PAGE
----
He is out with a lower-body injury.
Letang, who is tied for second among NHL defensemen in scoring with nine points, is averaging 25:07 of ice time for the first-place Penguins. He had an assist during 25:19 in Tuesday's 4-2 victory at the New York Islanders and did not visibly appear to be physically hindered.
After he prematurely left the morning skate, Letang was not available to the media. Coach Dan Bylsma, as is his policy, did not comment.
The Rangers captain suffered the injury during a tussle with Philadelphia Flyers forward Max Talbot on Jan. 29. Doctors told Callahan the following day he would miss 10-14 days with the injury, but he is making his return nine days after the prognosis.
The dynamic of the sport has changed significantly since Feb. 7, 1976, but that doesn't mean fantasy owners around the world aren't imagining the potential impact of a double-digit point effort. Considering how far a single multi-point game goes in determining head-to-head league results, a 10-point effort from a single fantasy player would almost certainly lead to a matchup victory during a particular week -- especially if it came in such balanced fashion as Sittler's (6 G, 4 A).
This brings us into the discussion of which players, based on both single-game and career point-production, would be most likely to challenge Sittler's seemingly untouchable mark. While one can make a case for many players around the League as candidates to reach that plateau in one game, here are five active players who could treat their fantasy owners to such a performance for the ages.
SCOTTSDALE, Ariz. -- The Phoenix Coyotes and Chicago Blackhawks have already played this season, but this is the first time that Raffi Torres and Marian Hossa have shared the ice since Torres ended their seasons with an illegal hit to Hossa's head in Game 3 of their Stanley Cup Playoff series last spring.
Hossa spent months recovering from the hit, while Torres was suspended for 25 games -- later reduced to 21 -- for the transgression. This is Torres' third game back after the suspension and he has vowed to change his reckless ways on the ice after being suspended or fined six times in his career.
"We have to protect the top players in the League, and if it's going to take me kind of thinking out there instead of running around with my head cut off, then that's what it’s going to take," said Torres, who called Hossa to apologize for the hit. "At the end of the day, I need to keep playing. This is what I do, and if I want to keep playing I'm going to have to change my way."
PITTSBURGH -- Dylan Reese was born in Pittsburgh approximately two months after the Pittsburgh Penguins drafted Mario Lemieux and a little more than two months before Le Magnifique made his NHL debut.
Reese said it's no coincidence he became a professional hockey player.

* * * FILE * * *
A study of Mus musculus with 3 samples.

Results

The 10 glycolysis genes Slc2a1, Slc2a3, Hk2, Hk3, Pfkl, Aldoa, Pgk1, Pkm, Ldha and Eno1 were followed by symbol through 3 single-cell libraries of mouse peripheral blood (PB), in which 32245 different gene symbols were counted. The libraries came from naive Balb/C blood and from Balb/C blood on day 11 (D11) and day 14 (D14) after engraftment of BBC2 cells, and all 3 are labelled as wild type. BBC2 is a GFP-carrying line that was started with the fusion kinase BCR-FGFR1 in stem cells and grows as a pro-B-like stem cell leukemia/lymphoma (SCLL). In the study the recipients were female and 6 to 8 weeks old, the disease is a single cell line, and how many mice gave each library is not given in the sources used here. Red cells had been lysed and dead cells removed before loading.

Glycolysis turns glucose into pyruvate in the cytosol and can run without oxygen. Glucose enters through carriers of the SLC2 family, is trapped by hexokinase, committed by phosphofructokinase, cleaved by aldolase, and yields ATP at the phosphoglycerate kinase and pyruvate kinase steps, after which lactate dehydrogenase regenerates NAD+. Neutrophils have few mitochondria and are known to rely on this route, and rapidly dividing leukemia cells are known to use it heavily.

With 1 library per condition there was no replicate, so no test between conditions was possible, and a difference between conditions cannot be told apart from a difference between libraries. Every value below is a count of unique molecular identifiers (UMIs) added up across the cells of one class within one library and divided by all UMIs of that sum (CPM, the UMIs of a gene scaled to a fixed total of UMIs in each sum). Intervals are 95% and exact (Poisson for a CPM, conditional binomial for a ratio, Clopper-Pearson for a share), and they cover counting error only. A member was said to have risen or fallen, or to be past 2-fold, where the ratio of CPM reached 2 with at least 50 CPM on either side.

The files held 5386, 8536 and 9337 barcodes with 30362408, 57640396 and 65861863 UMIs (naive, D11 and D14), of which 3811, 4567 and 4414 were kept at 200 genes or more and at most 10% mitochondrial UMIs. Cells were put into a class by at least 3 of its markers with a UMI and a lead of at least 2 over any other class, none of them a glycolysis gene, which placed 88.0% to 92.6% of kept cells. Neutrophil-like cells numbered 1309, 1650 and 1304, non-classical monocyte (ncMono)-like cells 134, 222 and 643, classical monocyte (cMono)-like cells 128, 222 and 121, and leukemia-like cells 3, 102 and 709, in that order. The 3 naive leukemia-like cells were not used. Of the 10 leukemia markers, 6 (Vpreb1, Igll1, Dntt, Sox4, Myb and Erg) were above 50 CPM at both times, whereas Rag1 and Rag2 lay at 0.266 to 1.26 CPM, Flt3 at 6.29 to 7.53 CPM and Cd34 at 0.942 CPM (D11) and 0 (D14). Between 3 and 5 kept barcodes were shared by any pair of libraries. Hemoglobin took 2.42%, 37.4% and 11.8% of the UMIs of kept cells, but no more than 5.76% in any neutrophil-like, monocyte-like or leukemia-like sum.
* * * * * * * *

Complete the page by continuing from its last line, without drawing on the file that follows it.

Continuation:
"I grew up here watching the Pens, and I'm a product of the early Stanley Cups in '91 and '92," the newest Penguins defenseman said Thursday. "It's really a dream come true to be up here playing -- and hopefully playing in the new building here with the Penguins, so I'm excited."
Reese was recalled from Pittsburgh's American Hockey League affiliate in Wilkes-Barre/Scranton Wednesday night and joined the Penguins for their morning skate the following day in advance of their game against the Washington Capitals.
There is no guarantee he will be in the lineup Thursday -- coach Dan Bylsma traditionally has been loath to shake up a winning formula, and the Penguins have won four straight -- but Reese is hoping he'll have his chance to make an impression soon.
WINNIPEG, Manitoba -- The road has been a safe port for the Toronto Maple Leafs early in the season.
The Maple Leafs (5-5-0) have used a 4-1-0 start on the road to offset a 1-4-0 at Air Canada Centre. They continue a three-game trip at MTS Centre against the Winnipeg Jets. Toronto is fresh off a 3-2 road win against the Washington Capitals and will finish its journey with a stop at Bell Centre in Montreal on Saturday evening.
"Obviously, you've got to focus on the start," Maple Leafs coach Randy Carlyle said of facing a Jets club that has established a solid presence on Winnipeg ice. "Usually when you have success on the road, your first period is an indicator of where your game is at. You always want to establish a good start.
"We're just asking for the contribution to be more than ordinary from everybody. Ordinary is not good enough for us. We have to be better than ordinary."
However, the Toronto lineup remains rather battered. Mike Brown, Carl Gunnarsson and Joffrey Lupul are injured, though Carlyle said Brown’s return could be close. Gunnarsson remained in Toronto, where he is rehabilitating a hip injury.
WINNIPEG, Manitoba -- A 3-2 overtime win Tuesday night for the Winnipeg Jets eased the flow of breakdowns that plagued them on a three-game road trip last week.
Now the Jets (4-4-1) have a Thursday night date with the Toronto Maple Leafs at MTS Centre to try to mitigate further some of the damage from the 0-3-0 sojourn. With a road visit to the Ottawa Senators on Saturday followed by home meetings with the Philadelphia Flyers, Pittsburgh Penguins and Boston Bruins, the Jets need to start collecting points.
The Jets will not be receiving any injury relief against Toronto, however. Zach Bogosian nudged closer to an eventual return from offseason wrist surgery and participated in his first morning skate of the season with the Jets. However, Jets coach Claude Noel said afterward that Bogosian remains "a ways away" from making his season debut. Dustin Byfuglien also participated in the Jets' morning skate, but he will miss his fourth consecutive game with an undisclosed injury.
The team announced via its official Twitter account Thursday that it has lifted the suspension placed on the defenseman after his failure to report to the team.